Wednesday, January 23, 2008

Pastoral Authority

I am in Durham this week, working with four other pastors and a professor from Duke Divinity School.  Dr. Jackson Carroll is in the process of revising his book, "As One With Authority."  As a result, we were given the opportunity to share cases from our settings on how we have exercised or failed to exercise an appropriate amount of authority.

Authority is an interesting gift.  When I was ordained in the United Methodist Church, the bishop said, "Donna Mardell Claycomb, take thou authority upon you as an elder to....preach, teach, administer and order."  There was authority that came down from Bishop Kammerer to me on that hot June night.  But there are other kinds of authority.  There is the authority that comes when people trust you, when the follow you, and when they are willing to allow you to take them to new places yet unknown.

My colleagues with me this week have taught me rich lessons in what pastoral authority is.  One of them shared an incident at his church when a pastor and members of a church in Kansas were protesting at his church.  This particular church is filled with people who hate gay and lesbian people.  They even named their website "God hates fags."  The hatred is real and rough.  When this particular pastor was notified of the visit of these people, he came up with the idea to set a table in the yard.  The table would be set with a table cloth, fresh flowers and dishes.  No explanation would be given.  However, the table would serve as a reminder of the 23rd Psalm, "though prepares a table before me in the midst of my enemies..."  Authority.  This is pastoral authority.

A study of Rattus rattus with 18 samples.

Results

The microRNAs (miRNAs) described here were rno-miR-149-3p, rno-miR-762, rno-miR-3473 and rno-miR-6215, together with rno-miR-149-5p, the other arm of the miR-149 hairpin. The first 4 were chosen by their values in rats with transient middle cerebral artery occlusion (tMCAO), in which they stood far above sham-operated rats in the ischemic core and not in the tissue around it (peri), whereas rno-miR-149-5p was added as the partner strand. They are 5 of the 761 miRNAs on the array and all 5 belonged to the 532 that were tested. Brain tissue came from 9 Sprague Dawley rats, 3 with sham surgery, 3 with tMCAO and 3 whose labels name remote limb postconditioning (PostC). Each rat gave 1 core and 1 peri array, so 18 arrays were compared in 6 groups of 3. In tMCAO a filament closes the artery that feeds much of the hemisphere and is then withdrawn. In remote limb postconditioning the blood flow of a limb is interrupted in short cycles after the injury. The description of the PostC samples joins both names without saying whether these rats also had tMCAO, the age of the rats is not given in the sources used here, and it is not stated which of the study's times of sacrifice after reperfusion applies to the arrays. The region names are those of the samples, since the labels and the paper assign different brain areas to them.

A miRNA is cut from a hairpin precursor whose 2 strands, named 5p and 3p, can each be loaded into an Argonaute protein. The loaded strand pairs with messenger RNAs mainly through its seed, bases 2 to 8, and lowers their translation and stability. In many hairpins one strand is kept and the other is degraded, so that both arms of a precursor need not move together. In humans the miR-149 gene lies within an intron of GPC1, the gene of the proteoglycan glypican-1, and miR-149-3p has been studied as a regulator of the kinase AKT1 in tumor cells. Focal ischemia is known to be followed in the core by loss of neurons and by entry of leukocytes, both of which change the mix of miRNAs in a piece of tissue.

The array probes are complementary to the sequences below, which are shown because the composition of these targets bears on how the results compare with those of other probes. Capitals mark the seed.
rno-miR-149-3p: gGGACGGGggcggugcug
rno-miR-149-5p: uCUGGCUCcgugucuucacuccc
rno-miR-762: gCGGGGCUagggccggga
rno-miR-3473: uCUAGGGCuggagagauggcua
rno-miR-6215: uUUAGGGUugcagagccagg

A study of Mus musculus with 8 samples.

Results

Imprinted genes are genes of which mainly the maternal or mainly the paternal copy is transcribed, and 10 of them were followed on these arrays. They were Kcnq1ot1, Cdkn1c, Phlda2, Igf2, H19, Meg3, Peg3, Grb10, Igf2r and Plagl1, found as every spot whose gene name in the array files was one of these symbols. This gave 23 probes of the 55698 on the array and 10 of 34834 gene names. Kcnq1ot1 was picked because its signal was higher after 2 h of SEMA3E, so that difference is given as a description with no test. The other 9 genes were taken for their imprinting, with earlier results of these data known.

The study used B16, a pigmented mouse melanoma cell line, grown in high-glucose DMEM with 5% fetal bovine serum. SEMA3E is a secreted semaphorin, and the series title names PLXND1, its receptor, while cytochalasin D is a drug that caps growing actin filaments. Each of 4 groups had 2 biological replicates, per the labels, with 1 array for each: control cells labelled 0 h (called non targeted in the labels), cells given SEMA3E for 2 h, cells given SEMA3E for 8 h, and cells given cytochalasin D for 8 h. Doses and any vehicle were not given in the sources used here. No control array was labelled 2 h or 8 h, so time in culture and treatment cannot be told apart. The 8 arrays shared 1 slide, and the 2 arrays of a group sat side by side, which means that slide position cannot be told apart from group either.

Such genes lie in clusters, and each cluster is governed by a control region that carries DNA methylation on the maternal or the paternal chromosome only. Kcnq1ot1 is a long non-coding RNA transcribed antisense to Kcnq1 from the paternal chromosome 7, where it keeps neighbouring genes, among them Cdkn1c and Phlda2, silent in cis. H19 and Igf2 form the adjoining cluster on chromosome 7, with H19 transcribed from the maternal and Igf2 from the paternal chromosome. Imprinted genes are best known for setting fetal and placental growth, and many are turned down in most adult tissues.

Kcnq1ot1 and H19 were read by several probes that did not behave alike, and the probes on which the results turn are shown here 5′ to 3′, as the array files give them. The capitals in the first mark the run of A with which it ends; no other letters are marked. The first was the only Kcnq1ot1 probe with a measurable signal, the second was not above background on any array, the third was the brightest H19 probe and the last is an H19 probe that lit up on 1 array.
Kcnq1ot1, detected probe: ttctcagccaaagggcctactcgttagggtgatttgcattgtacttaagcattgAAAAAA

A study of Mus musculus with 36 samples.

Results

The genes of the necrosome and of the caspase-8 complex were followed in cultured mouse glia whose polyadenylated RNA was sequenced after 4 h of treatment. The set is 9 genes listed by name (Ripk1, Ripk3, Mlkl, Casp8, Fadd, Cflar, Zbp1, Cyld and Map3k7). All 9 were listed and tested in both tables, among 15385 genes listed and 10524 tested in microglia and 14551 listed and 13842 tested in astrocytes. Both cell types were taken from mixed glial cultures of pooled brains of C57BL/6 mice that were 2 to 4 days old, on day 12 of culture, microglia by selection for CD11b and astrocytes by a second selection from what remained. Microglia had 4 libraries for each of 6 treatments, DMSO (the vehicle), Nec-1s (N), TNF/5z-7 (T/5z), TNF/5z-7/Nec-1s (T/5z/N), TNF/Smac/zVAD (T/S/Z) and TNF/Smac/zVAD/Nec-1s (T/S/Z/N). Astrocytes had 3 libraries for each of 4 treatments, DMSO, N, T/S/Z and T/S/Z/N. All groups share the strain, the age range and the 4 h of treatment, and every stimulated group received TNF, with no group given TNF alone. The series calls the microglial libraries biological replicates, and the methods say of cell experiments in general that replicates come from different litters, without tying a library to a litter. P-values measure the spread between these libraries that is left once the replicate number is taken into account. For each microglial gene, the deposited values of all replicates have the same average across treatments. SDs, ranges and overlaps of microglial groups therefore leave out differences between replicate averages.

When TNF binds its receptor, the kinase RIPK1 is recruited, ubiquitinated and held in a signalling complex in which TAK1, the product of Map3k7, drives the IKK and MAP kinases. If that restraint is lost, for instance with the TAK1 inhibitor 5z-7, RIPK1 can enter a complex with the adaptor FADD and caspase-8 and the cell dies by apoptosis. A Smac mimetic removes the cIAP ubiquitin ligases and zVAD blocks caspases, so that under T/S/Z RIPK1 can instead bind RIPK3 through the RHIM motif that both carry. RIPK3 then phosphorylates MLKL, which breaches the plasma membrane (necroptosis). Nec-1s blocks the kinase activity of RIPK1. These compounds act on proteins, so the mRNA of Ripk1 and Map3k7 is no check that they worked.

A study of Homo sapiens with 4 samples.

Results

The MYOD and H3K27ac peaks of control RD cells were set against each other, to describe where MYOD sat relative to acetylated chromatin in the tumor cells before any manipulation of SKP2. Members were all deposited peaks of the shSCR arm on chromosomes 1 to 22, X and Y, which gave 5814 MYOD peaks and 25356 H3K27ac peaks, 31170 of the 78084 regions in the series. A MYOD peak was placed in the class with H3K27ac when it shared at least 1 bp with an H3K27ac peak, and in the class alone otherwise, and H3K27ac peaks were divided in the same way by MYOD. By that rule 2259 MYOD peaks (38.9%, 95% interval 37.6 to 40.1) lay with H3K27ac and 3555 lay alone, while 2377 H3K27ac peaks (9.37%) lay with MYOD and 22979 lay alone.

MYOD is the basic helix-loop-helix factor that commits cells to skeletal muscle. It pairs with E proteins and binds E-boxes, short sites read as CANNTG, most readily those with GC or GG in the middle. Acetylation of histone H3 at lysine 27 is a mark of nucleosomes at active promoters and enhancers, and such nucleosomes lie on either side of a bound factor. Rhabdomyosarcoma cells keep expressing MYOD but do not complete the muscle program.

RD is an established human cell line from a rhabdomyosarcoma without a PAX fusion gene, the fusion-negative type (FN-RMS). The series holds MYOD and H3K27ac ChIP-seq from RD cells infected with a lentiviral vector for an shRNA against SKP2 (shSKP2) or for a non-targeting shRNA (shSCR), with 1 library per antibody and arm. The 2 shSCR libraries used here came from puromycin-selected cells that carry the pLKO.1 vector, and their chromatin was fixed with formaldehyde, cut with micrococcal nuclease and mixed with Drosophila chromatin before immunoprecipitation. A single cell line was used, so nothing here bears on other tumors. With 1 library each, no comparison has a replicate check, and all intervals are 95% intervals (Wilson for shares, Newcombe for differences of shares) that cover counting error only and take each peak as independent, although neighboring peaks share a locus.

Another pastor shared with us how a broken playground at the church needed to be fixed.  The playground equipment was dangerous.  The pastor soon learned that there were layers upon layers of racism beneath the reasons for why the playground was still broken.  She set out to get funding for the new equipment.  She is leading her people into an understanding of what it means to be loving of all people.  She yearns for her congregation to see all colors as equal in the small, rural North Carolina community where she serves.  Authority.  This is pastoral authority.

Still another pastor shared how when he started a new church that he knew that anytime there were 100 more people at the church that it was time to hire a new pastor.  The church is named after the "Good Shepherd."  In this story from John, the sheep know their shepherd and the shepherd knows the name.  Each 100 people need a shepherd - someone who knows them by name.  Authority.  this is pastoral authority.

A table set up in the midst of a protest where people are shouting words of hatred.
A new playground is created where all children are welcome.
A community comes where the shepherd always knows his sheep.

Pastoral authority is a beautiful thing.

There was authority given to me at my baptism.  There was additional authority passed on when I experienced a call to ministry.  Still more authority came when I graduated from seminary and yet more authority came when I was ordained.  But there is another kind of authority.  It is the authority that comes from the people who we minister with and alongside.  It is the kind of authority that comes when one calls you "pastor," when one calls you in the middle of the night because a child is being born or someone is dying, when one wants to confess their sins to you, when one trusts you to do a new thing in the life of the congregation, when one says, "God might be calling me to ministry."  This authority does not come immediately, and it cannot be taken for granted.   This authority comes when one sets a table, when one calls her sheep by name, and when one does something for the entire community because she believes in it so much.

Good Lord, please help me to never take authority for granted.